Page 88 - Brannan's division was posted at 6 pm on the road about half way between Rossville and Chattanooga to cover the movement. The troops were withdrawn in a quiet, orderly manner, without the loss of a single man, and by 7 am on the 22d were in their positions in front of Chattanooga, which had been assigned to them previous to their arrival...
Page 10 - Jan. 4. Governor Moore of Alabama seized Fort Morgan and the United States arsenal at Mobile. Fast day, by proclamation of the President. Jan. 8. Jacob Thompson, Secretary of the Interior, resigned. Jan. 9. The steamer, Star of the West, fired on by rebel batteries...
Page 76 - ... in the line, which the rebels took advantage of with great rapidity, intercepting and breaking the line of battle of the army at this point. Wood being taken while marching by the flank, broke and fled in confusion, and my line actually attacked from the rear, was obliged to swing back on the right, which it accomplished with wonderful regularity under such circumstances, (with, however, the exception of a portion of the first brigade, which, being much exposed, broke with considerable disorder...
Page 10 - Wilson. 1861 Jan. 2. Governor Ellis of North Carolina took possession of Fort Macon. Georgia troops seized Forts Pulaski and Jackson, and the United States arsenal at Savannah. Jan. 4. Governor Moore of Alabama seized Fort Morgan and the United States arsenal at Mobile. Fast day, by proclamation of the President. Jan.
Page 161 - Bentonville at nine officers and one hundred and forty-five men killed, fifty-one officers and eight hundred and sixteen men wounded, and three officers and two hundred and twenty-three men missing, taken prisoners by the enemy ; total, one thousand two hundred and forty-seven.
Page 13 - President issued a proclamation commanding all persons in arms against the Government to disperse within twenty days; also calling for 75,000 volunteers. The New York Legislature authorized the raising of $3,000,000 for their equipment and support.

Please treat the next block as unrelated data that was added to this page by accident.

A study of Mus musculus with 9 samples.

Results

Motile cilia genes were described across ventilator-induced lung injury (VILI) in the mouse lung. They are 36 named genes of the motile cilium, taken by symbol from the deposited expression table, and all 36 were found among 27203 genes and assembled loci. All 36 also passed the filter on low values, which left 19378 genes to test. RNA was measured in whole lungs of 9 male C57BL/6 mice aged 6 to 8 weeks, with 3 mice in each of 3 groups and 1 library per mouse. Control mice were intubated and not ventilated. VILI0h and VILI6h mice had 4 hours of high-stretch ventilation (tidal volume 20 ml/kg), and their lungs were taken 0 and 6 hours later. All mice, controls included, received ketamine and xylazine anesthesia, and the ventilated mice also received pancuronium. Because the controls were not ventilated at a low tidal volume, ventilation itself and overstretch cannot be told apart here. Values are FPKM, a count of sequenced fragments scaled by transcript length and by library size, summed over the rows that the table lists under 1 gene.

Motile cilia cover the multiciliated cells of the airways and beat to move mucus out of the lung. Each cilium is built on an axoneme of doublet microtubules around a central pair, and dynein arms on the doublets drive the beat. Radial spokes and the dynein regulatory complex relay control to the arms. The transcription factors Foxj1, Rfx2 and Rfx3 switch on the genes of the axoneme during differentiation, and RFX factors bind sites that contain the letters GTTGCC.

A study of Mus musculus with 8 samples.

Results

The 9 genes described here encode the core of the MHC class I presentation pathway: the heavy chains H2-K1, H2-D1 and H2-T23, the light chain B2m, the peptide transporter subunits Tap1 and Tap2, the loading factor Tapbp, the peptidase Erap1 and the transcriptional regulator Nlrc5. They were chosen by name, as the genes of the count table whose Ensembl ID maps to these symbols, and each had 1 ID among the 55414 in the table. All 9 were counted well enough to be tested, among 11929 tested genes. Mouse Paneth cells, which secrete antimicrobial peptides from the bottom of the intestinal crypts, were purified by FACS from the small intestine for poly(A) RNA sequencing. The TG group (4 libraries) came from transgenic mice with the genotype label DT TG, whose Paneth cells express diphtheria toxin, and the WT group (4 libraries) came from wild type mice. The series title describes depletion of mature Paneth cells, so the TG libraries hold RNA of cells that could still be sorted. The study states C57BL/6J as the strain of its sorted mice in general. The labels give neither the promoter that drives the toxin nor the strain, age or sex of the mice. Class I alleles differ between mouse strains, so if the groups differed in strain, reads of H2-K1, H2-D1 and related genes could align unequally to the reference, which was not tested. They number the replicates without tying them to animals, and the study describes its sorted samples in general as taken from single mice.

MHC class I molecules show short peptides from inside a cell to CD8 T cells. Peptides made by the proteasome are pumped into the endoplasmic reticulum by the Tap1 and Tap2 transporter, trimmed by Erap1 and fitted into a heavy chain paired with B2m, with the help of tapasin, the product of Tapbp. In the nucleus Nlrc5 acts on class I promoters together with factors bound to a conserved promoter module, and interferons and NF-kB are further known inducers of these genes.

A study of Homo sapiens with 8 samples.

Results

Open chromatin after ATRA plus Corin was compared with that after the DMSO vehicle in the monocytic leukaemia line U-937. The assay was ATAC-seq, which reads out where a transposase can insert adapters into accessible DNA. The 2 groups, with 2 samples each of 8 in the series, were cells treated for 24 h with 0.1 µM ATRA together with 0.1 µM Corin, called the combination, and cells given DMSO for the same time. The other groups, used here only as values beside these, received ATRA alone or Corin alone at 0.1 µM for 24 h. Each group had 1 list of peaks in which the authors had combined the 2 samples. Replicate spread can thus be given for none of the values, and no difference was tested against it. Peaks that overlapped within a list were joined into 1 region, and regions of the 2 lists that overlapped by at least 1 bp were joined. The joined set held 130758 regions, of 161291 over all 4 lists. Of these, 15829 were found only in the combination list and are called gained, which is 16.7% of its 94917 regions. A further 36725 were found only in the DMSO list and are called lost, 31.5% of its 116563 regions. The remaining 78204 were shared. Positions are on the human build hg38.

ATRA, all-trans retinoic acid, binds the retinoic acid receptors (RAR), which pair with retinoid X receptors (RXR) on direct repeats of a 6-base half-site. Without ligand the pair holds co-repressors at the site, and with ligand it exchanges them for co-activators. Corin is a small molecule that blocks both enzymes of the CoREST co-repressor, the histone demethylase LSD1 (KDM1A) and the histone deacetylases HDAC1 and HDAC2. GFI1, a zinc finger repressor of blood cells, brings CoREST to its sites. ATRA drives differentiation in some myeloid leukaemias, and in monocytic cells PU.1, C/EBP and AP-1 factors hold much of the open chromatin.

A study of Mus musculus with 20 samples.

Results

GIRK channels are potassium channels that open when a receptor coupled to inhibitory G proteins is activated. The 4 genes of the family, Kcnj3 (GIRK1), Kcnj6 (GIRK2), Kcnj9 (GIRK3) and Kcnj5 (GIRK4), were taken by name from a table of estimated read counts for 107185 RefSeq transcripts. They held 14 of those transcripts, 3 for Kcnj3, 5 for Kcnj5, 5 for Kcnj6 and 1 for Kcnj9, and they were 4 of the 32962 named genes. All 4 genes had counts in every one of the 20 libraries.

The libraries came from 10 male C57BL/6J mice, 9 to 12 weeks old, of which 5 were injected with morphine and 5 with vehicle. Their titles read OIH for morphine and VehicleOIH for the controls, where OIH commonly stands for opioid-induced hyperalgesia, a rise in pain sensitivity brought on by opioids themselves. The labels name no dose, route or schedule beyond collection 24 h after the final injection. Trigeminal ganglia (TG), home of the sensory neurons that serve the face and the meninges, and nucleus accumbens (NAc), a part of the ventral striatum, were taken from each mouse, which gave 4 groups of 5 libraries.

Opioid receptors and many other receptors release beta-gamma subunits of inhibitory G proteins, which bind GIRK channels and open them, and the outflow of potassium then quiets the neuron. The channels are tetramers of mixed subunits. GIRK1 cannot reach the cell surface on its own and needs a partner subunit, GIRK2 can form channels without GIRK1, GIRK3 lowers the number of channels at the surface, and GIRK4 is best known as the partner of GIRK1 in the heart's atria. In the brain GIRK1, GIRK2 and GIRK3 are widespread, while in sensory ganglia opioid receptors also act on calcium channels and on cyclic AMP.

Page 87 - Brigade — and others as men deserving the gratitude of the Nation for an exhibition on this occasion of determined courage, which I believe unsurpassed in the history of the rebellion.
Page 68 - I told him as long as our ammunition would last, and I asked him if he knew where I could get a new supply.
Page 12 - AD 1S61 chosen President. A stormy session followed, accomplishing no good result. Feb. 8. The US arsenal at Little Rock surrendered to Arkansas. Feb. 9. Jefferson Davis and AH Stevens elected provisional President and Vice President of the Southern Confederacy. Feb. 13. The electoral vote counted. Abraham Lincoln received 180 votes, Stephen A. Douglas 12, John C. Breckenridge 72, and John Bell 39. Gaeta surrenders to Victor Emanuel's troops. The king of Naples escapes on board a French frigate....
Page 131 - ... lying in the dirt and rain for days without shelter, have been unable to preserve the ordinary cleanliness which is essential to health, and many have broken down for want of proper food. During the greater part of the time our men have lain constantly under the enemy's fire, at every moment liable to be picked off, whilst the sound, not of distant artillery and musketry, but of the closelywhistling bullet and bursting shell, has seldom been out of their ears.